Civil Law

Te v. Te G.R. No. 161793 February 13, 2009 Psychological Incapacity

FACTS:

Petitioner Edward and respondent Rowena met and became sweethearts while they were in college . Around three months after their first meeting, Rowena asked Edward to elope. Petitioner provided their travel money and Rowena purchased the boat ticket to Cebu. Their money  eventually ran out and they decided to go back to Manila. Rowena stayed with her uncle’s house and Edward went to his parents’ home. Edward later agreed to stay with Rowena at her uncle’s place after she threatened to commit suicide.

On April 23, 1996, Rowena’s uncle brought the two to a court to get married.

The two then continued to stay at her uncle’s place where Edward was not allowed to go out unaccompanied. Her uncle also showed Edward his guns and warned him not to leave Rowena. Rowena suggested that Edward should get his inheritance so that they could live on their own.

Edward escaped from the house of Rowena’s uncle and stayed with his parents. His family then hid him from Rowena and her family.

In June 1996, they parted ways. After almost four years, or on January 18, 2000, Edward filed a petition for the annulment of his marriage to Rowena on the basis of the latter’s psychological incapacity.

The trial court declared the marriage of the parties null and void on the ground that both parties were psychologically incapacitated to comply with the essential marital obligations.

The CA reversed and set aside the trial court’s ruling.

Dissatisfied, petitioner filed before this Court the instant petition for review on certiorari.

 

ISSUE:

Whether or not, based on Article 36 of the Family Code, the marriage between the parties is null and void.

 

RULING:

Article 36 of the Family Code provides:

Article 36. A marriage contracted by any party who, at the time of the celebration, was psychologically incapacitated to comply with the essential marital obligations of marriage, shall likewise be void even if such incapacity becomes manifest only after its solemnization.

As held in Santos, the phrase psychological incapacity is not meant to comprehend all possible cases of psychoses. It refers to no less than a mental (not physical) incapacity that causes a party to be truly noncognitive of the basic marital covenants that concomitantly must be assumed and discharged by the parties to the marriage which, as expressed by Article 68 of the Family Code, include their mutual obligations to live together, observe love, respect and fidelity; and render help and support. The intendment of the law has been to confine it to the most serious of cases of personality disorders clearly demonstrative of an utter insensitivity or inability to give meaning and significance to the marriage.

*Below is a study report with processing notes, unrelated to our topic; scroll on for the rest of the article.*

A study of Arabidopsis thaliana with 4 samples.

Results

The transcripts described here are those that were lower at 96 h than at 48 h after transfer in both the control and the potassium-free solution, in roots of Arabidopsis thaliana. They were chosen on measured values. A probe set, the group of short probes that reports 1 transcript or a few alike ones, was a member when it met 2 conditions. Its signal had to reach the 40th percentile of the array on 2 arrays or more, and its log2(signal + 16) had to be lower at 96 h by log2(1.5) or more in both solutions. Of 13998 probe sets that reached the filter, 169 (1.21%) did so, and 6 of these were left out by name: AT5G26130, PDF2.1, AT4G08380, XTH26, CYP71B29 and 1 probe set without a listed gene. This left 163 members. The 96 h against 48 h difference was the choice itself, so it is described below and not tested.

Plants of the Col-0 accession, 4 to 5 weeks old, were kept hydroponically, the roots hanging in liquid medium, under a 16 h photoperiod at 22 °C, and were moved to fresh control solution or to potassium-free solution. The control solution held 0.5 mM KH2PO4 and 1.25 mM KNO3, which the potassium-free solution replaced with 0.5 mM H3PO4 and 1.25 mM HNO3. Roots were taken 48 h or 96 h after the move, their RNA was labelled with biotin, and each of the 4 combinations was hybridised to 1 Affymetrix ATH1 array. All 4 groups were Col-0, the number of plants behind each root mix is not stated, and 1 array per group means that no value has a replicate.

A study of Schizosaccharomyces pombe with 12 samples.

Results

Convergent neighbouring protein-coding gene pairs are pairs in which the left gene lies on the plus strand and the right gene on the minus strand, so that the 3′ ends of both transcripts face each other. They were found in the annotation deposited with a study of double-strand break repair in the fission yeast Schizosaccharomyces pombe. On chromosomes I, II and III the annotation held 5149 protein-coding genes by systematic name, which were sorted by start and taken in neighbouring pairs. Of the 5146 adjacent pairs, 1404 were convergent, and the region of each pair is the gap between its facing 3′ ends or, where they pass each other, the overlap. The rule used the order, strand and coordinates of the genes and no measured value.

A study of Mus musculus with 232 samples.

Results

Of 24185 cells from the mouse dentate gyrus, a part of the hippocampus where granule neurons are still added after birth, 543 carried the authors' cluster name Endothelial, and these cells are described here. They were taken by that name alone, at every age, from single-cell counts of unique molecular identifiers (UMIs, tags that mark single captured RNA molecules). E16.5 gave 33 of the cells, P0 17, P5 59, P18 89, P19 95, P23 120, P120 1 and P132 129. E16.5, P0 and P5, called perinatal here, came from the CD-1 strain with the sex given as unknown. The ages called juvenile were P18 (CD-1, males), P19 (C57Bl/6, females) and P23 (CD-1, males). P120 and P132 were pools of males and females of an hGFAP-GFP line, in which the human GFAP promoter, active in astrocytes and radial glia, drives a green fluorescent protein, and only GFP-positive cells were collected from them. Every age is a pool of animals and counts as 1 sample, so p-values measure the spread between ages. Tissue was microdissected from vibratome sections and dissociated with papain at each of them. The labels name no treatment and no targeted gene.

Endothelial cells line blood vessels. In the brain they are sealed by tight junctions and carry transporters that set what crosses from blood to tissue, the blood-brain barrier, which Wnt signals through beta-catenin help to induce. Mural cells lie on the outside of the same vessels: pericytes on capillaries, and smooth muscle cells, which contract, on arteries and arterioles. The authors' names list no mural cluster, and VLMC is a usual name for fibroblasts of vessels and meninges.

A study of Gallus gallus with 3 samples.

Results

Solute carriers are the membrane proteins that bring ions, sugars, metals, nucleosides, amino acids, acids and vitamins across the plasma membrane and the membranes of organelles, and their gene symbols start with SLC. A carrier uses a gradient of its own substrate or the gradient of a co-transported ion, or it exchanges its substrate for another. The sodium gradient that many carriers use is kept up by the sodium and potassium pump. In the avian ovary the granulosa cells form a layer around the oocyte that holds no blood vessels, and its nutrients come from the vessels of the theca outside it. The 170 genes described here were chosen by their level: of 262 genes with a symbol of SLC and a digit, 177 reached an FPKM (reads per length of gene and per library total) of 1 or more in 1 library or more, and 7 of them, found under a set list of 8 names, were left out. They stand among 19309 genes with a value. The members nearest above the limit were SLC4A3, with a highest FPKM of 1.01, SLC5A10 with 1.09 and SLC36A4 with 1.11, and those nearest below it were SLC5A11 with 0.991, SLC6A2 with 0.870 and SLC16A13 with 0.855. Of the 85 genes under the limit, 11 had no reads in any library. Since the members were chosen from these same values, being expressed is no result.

The psychologist who provided expert testimony found both parties psychologically incapacitated. Petitioners behavioral pattern falls under the classification of dependent personality disorder, and respondents, that of the narcissistic and antisocial personality disorder.

By the very nature of Article 36, courts, despite having the primary task and burden of decision-making, must not discount but, instead, must consider as decisive evidence the expert opinion on the psychological and mental temperaments of the parties.

In dissolving marital bonds on account of either party’s psychological incapacity, the Court is not demolishing the foundation of families, but it is actually protecting the sanctity of marriage, because it refuses to allow a person afflicted with a psychological disorder, who cannot comply with or assume the essential marital obligations, from remaining in that sacred bond.

In the case at bench, the psychological assessment, which we consider as adequate, produced the findings that both parties are afflicted with personality disorders, dependent personality disorder for petitioner, and narcissistic and antisocial personality disorder for respondent.

The seriousness of the diagnosis and the gravity of the disorders considered, the Court, in this case, finds as decisive the psychological evaluation made by the expert witness; and, thus, rules that the marriage of the parties is null and void on ground of both parties psychological incapacity.